Week 44 Cyberattack Digest 2019 – Spanish radio, the City of Joburg, 15,000 Georgian websites
Welcome to the cyberattack digest week 44. This time we will talk not only about some particular incidents, but even cyberattack floods descending on different countries.
Ransomware virus affects Spanish radio
by Reuters – 4 November, 2019
Spain has fallen victim of a series of cyber incidents, that affected a number of companies including Cadena SER radio. The security issues were caused by a ransomware virus that impacted Cadena Ser’s local broadcasts. Still, according to the owner of a chain of local and countryside stations, the national output was not involved in the attack. “We have been recommended not to work on our computers in a network environment,” a source at the station commented. The rest of the victims were not named by The National Security Department.
Malefactors demanding a ransomware from Joburg
by Hashed Out – 29 October, 2019
Spain was not the only country that experienced a series of cyber incidents recently as several major South African organizations have been involved in security incidents as well.
Last Thursday, Oct. 24th, the City of Joburg revealed that the city network had been hit by a cyberattack. The breach was caused by a ransomware attack with hackers demanding a ransom of four Bitcoins (about R500,000 South African Rand or $37,000 USD). The malefactor or malefactors claimed to have obtained backdoors into the city systems and threatened to upload the stolen records online. Following the cyber incident, the main city systems were shut down, online services and bill payments were disabled al well. According to the city officials, the breach was accurately “timed to coincide with all City month end processes affecting both supplier payments and customer payments.”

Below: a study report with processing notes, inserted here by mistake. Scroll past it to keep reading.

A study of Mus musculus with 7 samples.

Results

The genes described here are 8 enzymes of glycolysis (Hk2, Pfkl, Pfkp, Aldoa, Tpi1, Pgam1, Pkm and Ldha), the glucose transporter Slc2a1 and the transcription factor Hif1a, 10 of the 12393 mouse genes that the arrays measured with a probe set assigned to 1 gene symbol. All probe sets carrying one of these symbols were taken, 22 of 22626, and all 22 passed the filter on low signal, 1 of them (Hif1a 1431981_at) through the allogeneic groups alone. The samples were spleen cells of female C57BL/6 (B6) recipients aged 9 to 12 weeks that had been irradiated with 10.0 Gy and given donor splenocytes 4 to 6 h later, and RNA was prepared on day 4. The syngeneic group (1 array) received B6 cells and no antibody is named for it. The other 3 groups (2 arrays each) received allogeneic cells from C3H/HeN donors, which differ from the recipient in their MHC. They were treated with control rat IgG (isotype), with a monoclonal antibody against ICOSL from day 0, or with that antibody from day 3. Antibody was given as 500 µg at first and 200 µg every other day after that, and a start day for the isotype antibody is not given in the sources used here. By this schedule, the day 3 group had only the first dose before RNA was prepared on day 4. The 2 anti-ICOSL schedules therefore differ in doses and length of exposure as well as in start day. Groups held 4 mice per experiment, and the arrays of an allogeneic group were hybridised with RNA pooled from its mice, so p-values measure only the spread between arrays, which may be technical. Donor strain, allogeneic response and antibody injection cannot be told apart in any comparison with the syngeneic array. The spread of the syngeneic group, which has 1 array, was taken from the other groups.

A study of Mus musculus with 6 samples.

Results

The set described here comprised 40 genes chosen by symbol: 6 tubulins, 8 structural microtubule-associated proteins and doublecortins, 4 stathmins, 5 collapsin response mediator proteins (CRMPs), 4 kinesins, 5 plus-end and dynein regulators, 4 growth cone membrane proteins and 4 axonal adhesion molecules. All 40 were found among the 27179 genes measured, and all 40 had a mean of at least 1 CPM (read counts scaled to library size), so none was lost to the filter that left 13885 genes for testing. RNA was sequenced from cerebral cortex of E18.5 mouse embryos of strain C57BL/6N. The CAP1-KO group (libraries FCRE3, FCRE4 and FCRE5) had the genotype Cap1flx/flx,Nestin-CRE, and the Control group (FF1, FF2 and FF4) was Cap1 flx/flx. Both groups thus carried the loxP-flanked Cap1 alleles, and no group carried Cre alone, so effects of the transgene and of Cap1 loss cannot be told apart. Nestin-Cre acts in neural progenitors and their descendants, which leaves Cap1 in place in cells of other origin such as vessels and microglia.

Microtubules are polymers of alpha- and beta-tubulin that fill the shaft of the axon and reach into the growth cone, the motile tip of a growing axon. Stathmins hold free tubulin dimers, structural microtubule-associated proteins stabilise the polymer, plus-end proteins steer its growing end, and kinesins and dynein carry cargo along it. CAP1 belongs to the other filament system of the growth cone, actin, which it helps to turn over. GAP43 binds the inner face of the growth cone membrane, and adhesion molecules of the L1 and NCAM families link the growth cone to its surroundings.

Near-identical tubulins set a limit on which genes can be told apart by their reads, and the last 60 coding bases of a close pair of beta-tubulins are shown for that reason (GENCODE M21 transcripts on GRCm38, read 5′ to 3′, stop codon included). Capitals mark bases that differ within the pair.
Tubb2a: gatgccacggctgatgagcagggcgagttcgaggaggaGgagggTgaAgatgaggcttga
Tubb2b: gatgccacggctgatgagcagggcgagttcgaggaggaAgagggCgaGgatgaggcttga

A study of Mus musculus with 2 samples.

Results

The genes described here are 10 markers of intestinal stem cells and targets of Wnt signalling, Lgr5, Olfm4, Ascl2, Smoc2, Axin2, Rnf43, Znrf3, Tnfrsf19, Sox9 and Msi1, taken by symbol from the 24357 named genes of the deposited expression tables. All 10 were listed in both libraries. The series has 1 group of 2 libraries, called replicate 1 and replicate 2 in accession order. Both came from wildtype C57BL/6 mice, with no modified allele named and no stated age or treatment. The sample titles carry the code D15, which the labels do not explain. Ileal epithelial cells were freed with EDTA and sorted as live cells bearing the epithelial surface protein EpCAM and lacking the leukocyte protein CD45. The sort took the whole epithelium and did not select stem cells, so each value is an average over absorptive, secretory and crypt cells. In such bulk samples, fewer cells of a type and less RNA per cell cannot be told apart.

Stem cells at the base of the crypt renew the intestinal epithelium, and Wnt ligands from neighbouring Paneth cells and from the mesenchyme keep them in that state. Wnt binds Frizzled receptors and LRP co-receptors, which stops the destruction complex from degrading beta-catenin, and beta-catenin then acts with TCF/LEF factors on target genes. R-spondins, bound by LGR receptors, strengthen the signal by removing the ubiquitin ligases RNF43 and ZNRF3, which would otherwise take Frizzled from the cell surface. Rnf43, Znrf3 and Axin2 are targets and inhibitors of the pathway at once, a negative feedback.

The investigation is currently ongoing, but it’s no surprise that the incident has impacted the city and its citizens a lot.
Meanwhile, several DDoS attacks were performed on a number of websites of large South African banks. These included Standard Bank and ABSA. Despite the fact that the attack related to a different type, the attacker’s goal was the same: the malefactor wanted to get a ransom. As a result of the incident, several transactions were delayed and some services went down.
The CEO of the South African Banking Risk Information Centre (SABRIC), Susan Potgieter, commented: “We must emphasize that DDoS attacks like this one do not involve hacking or a data breach and therefore no customer data is at risk. It does however, involve increased traffic on networks necessary to access public facing services. This may cause minor disruptions.”
15,000 Georgian websites are affected by a wave of cyberattacks
by BBC – 28 October, 2019
Finally, a wave of cyberattacks affected Georgia as well. Many website experienced a cyberattack that is also called defacement, as a result of which home pages are replaced with some images. This time the malefactors placed there an image of former President Mikheil Saakashvili and the caption “I’ll be back”.
While the real origin of the attack remains unknown, BBC Caucasus correspondent Rayhan Demytrie commented that people on social media were presuming that Russia might be behind the malicious actions. Over 15,000 pages were touched by the flood of cyberattacks. Among the affected websites, there were the presidential website, non-government organisations and private companies. According to cyber security experts, government websites of Georgia were “poorly protected and vulnerable to attack”.
“The scale of this attack is something we haven’t seen before,” commented Prof Alan Woodward, cyber security expert at Surrey University.